The Kudlow Portfolio is tanking.
On Feb. 25, Larry Kudlow, director of the White House’s National Economic Council, suggested it was a good time to buy stocks. “The virus story is not going to last forever,” Kudlow said on CNBC around 2:30 p.m. “To me, if you are an investor out there and you have a long-term point of view, I would suggest very seriously taking a look at the market, the stock market, that is a lot cheaper than it was a week or two ago.”
At the time, the S&P 500 (^GSPC) index was around 3,128. Two weeks later it closed at 2,746. If you took Kudlow’s advice, you were the dumb money buying in a selloff. You’d be down more than 12%.
Kudlow hedged his suggestion with the “long term” reference. But it was still a foolish thing to say, and Kudlow’s not the only one saying it. Trump himself is a frequent stock-market commentator (always buy, never sell) who is now dismissing the recent plunge in stocks as a panicky reaction to “fake news”—the coronavirus outbreak. Treasury Secretary Steven Mnuchin has been another occasional up-talker of stocks. We all know the game: Trump’s minions must say anything to goose stocks and aid Trump’s reelection odds.
We know now that Kudlow issued his buy recommendation in the early stages of a worsening downturn that might end the bull-market rally that stretches all the way back to 2009. The coronavirus has unnerved investors because nobody can gauge the severity and duration of an epidemic forcing closures, cancellations and lost business worldwide. On top of that, a spat between oil producers Russia and Saudi Arabia led to a crash in oil prices and new worries about energy firms going bust.
Kudlow couldn’t have known all this, right? Shouldn’t he get a pass for an innocent mistake? How about no. Kudlow’s recommendation came with stocks down 7.6% from their peak, which might sound like a nice dip-buying opportunity in normal times. But this was at a time when the coronavirus death toll in Italy hit double digits, the mayor of San Francisco declared a state of emergency and public health experts were warning of an exponential spike in infections. The volatility index (^VIX) which measures uncertainty in financial markets, had doubled in a week and was well into the range often associated with market turmoil.
Kudlow, 72, is not an economist, even though he served as “chief economist” at investing firm Bear Stearns in the 1980s. Kudlow was a successful Wall Street salesman who capitalized on an upbeat personality to land a job as a commentator and show host at CNBC, starting in 2002, which made him famous. He’s a fervent supply-sider favoring tax cuts and laissez-faire policies as the best path to a strong economy, one reason Trump tapped him to replace Gary Cohn at the White House in 2018.
Kudlow has produced some famously bad predictions, however. “Larry Kudlow is usually wrong and frequently absurd,” housing analyst Bill McBride, who pens the Calculated Risk blog, wrote in 2016. In 2005, for instance, Kudlow, argued that “bubbleheads” predicting real estate crashes in Las Vegas and Florida were “dead wrong.” Kudlow turned out to be dead wrong. An epic housing bust began right around that time, with gigantic losses in Las Vegas and Florida. In 2007, Kudlow wrote, “there is no recession.” In reality, a terrible recession began that very month.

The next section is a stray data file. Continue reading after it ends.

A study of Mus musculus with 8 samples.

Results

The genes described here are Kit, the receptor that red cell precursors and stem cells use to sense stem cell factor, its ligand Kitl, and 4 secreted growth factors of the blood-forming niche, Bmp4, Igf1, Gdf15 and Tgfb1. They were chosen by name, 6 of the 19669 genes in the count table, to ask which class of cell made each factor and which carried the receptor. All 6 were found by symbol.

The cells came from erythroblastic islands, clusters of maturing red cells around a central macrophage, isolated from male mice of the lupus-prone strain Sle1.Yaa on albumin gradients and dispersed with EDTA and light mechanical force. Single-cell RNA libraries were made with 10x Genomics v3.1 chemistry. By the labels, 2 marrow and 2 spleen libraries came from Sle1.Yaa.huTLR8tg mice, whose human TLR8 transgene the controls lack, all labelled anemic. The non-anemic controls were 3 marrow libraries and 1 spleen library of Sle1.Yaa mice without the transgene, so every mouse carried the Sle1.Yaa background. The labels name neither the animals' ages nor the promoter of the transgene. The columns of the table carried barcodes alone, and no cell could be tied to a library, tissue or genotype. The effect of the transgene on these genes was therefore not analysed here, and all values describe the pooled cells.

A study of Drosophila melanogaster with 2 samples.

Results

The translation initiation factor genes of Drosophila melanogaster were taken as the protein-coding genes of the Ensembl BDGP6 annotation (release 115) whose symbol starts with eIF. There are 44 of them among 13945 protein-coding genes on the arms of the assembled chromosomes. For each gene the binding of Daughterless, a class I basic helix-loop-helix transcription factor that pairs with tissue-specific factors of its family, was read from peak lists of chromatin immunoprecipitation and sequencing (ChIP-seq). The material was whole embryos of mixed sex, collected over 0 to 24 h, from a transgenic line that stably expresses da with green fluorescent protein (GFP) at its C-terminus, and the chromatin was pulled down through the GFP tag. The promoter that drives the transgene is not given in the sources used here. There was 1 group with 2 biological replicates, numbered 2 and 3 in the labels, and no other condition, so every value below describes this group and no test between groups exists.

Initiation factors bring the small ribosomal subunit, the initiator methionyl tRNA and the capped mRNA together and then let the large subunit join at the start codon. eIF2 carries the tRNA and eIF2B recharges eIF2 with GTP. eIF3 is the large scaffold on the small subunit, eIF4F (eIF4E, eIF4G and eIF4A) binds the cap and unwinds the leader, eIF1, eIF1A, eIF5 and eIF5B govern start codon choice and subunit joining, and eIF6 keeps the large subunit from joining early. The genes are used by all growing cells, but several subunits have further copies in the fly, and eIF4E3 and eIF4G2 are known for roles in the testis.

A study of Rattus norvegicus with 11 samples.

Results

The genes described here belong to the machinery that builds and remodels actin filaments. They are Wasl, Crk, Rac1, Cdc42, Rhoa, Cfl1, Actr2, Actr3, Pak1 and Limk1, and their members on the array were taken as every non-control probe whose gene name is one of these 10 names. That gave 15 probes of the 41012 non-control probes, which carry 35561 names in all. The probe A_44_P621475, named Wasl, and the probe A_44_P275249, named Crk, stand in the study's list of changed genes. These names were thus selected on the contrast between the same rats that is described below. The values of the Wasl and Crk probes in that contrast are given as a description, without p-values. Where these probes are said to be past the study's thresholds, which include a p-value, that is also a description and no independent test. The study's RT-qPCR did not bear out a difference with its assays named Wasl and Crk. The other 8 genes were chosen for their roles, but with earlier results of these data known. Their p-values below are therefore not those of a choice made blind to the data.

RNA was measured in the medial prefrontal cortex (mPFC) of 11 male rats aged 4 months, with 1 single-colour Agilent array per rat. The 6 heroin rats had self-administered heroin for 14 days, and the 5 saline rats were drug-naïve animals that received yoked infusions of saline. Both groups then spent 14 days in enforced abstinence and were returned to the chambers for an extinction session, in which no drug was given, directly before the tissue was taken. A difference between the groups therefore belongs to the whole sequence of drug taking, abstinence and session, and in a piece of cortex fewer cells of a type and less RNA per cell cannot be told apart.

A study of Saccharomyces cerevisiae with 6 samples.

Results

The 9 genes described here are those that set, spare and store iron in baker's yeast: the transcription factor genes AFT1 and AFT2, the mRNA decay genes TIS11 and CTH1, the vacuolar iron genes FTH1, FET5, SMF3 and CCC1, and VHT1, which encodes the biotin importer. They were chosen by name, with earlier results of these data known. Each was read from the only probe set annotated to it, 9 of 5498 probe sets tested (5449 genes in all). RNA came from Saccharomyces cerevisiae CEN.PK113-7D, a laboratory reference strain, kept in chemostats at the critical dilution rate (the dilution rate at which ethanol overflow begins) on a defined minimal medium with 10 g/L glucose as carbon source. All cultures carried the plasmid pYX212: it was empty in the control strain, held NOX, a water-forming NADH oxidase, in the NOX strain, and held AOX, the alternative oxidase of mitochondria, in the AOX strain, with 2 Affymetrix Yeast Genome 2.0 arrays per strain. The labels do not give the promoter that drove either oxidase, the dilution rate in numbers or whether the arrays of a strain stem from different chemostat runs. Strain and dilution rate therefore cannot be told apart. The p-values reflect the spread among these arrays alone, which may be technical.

Kudlow was one of several Trump officials who predicted the 2017 Republican tax cuts would produce a surge of economic growth, perhaps hitting 4% for the first time since 2003. It hasn’t happened. Growth under Trump peaked at 3.3% in the second quarter of 2018 and drifted down to 2.3% by the end of last year. Most economists think the economy was growing at around 2% before the coronavirus crisis, which will undoubtedly slow the economy.
Kudlow might be able to argue that he’s simply a sunny analyst eager to see the bright side. But he has a giant conflict of interest when commenting on financial markets, because it’s in his interest and Trump’s that markets do well this year, to help Trump with reelection. If everybody loses their shirts the day after the election, who cares.
What about Obama? It’s a fair question. On March 3, 2009, when markets were reeling from the Great Recession, President Obama said, “What you’re now seeing is profit and earning ratios are starting to get to the point where buying stocks is a potentially good deal, if you’ve got a long-term perspective on it.” That was a buy recommendation, just like Kudlow’s. Obama should have kept his mouth closed and let the market sort itself it, but history has treated him kindly. Stocks bottomed out six days later—down a nauseating 56%—triggering a bull market that continues to this day.
Yahoo Finance reached out to the White House to ask if Kudlow still recommends buying stocks, or has any regrets about his Feb. 25 buy recommendation. We got no response. That sounds about right.
Rick Newman is the author of four books, including “Rebounders: How Winners Pivot from Setback to Success.” Follow him on Twitter: @rickjnewman. Confidential tip line: firstname.lastname@example.org. Encrypted communication available. Click here to get Rick’s stories by email.